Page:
Obtaining a better understanding of childcare provision and usage to inform future government policy.

Childcare in Britain

19 June 2017

By Jon Waldren.

'Provision and use of preschool childcare in Britain', a secondary analysis of childcare using large-scale national datasets, published in July 2015, raised the possibility of a shortage in the childcare workforce once the economy begins to improve.

The pre-school workforce

Pre-school workforce

  • The research found that the workforce is better qualified than in the past with 75% of childcare staff now holding NVQ level 3 or higher qualifications, representing an increase of 12% between 2005 and 2014.
  • The sector is predominantly female (98%), with little change in gender profile in the last 10 years, and young in relation to the general workforce (an average age of 36 years compared to 41 years for other occupations).
  • The workforce is persistently poorly paid in comparison with other occupations. Pay is particularly low for childcare workers employed in the private sector, £5.60 per hour compared with £7.80 in the public sector.
  • The workforce has shrunk by around 5% since 2005.
  • There are more people who describe themselves as childminders than those registered with Ofsted.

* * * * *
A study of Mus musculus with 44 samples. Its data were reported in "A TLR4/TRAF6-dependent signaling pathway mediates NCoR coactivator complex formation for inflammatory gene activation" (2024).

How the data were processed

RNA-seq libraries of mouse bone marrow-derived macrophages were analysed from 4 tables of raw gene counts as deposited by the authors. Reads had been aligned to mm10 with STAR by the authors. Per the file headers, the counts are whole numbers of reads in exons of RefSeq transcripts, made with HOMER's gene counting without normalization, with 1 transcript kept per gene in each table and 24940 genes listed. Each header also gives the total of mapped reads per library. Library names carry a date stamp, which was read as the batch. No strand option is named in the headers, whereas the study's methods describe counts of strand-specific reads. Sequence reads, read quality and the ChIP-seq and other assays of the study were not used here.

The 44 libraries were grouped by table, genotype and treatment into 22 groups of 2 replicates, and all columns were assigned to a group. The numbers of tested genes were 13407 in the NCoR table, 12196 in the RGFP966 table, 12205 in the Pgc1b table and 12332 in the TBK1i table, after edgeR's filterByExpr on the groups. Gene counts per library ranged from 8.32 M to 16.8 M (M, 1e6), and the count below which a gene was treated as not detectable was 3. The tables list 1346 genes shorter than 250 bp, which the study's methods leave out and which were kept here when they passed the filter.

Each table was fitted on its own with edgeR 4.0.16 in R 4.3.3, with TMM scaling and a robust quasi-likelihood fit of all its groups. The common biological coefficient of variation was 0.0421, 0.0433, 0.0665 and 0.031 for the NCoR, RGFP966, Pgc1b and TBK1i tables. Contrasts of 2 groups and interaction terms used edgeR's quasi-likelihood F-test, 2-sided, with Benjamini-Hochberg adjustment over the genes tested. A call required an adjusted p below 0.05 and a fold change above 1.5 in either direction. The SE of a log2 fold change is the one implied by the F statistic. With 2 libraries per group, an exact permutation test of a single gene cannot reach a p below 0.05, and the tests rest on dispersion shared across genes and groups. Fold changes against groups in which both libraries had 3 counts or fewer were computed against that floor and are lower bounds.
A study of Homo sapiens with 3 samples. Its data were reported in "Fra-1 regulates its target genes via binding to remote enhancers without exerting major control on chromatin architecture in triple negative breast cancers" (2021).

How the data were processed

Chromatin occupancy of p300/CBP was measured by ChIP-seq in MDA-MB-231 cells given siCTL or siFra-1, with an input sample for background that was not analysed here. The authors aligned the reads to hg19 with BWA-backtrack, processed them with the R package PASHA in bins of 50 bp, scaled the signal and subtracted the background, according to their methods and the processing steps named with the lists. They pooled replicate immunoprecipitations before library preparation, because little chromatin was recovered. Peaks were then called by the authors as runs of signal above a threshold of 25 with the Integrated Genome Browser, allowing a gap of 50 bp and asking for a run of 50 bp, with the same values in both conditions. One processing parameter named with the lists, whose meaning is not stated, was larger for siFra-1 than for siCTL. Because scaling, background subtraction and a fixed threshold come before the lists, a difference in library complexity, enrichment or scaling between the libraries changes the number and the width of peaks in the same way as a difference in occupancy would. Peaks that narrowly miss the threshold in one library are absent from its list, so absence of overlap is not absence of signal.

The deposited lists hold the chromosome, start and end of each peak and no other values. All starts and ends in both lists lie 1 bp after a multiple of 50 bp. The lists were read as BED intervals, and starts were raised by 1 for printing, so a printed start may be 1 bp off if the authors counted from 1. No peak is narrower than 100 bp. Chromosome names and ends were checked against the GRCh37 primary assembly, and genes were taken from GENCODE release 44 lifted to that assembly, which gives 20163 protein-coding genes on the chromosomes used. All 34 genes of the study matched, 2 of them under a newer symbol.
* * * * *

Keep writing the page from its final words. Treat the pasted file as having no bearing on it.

Types of childcare provision

Types of childcare

  • The study found that 68% of families used some form of childcare. Of these families 42% were using more than one type of childcare.
  • Around a third of all childcare arrangements were informal with the most common, 31%, being that undertaken by grandparents.
  • Mothers who are in full time employment are more likely to use nurseries.
  • Childcare choices are related to the mother's level of education. Those educated to degree level are more likely to use formal childcare. The majority of mothers with only a GCSE level of education do not use formal childcare.
Policy implications and recommendations

Poor pay may encourage well-qualified workers to move to better paid work in other sectors once the recession is over. This will make recruitment harder for providers looking to grow their workforce to cover the Government's increased offer of 30 funded hours per week for three and four-year-olds of working parents from 2017.

The Government is not adequately funding its offer of 30 free hours of childcare. This may have the effect of nurseries and crèches raising their fees. Parents already pay high childcare fees and increased costs may limit access to childcare for many.

The report found that the standard occupation categories being used in the sector were a poor fit for the workforce as it is constituted today. It is recommended that the Office for National Statistics review their categorisation to better reflect the increasing professionalism of the current workforce.

'Provision and use of preschool childcare in Britain', recommends setting-up a formal review to examine the complex and interwoven issues of childcare.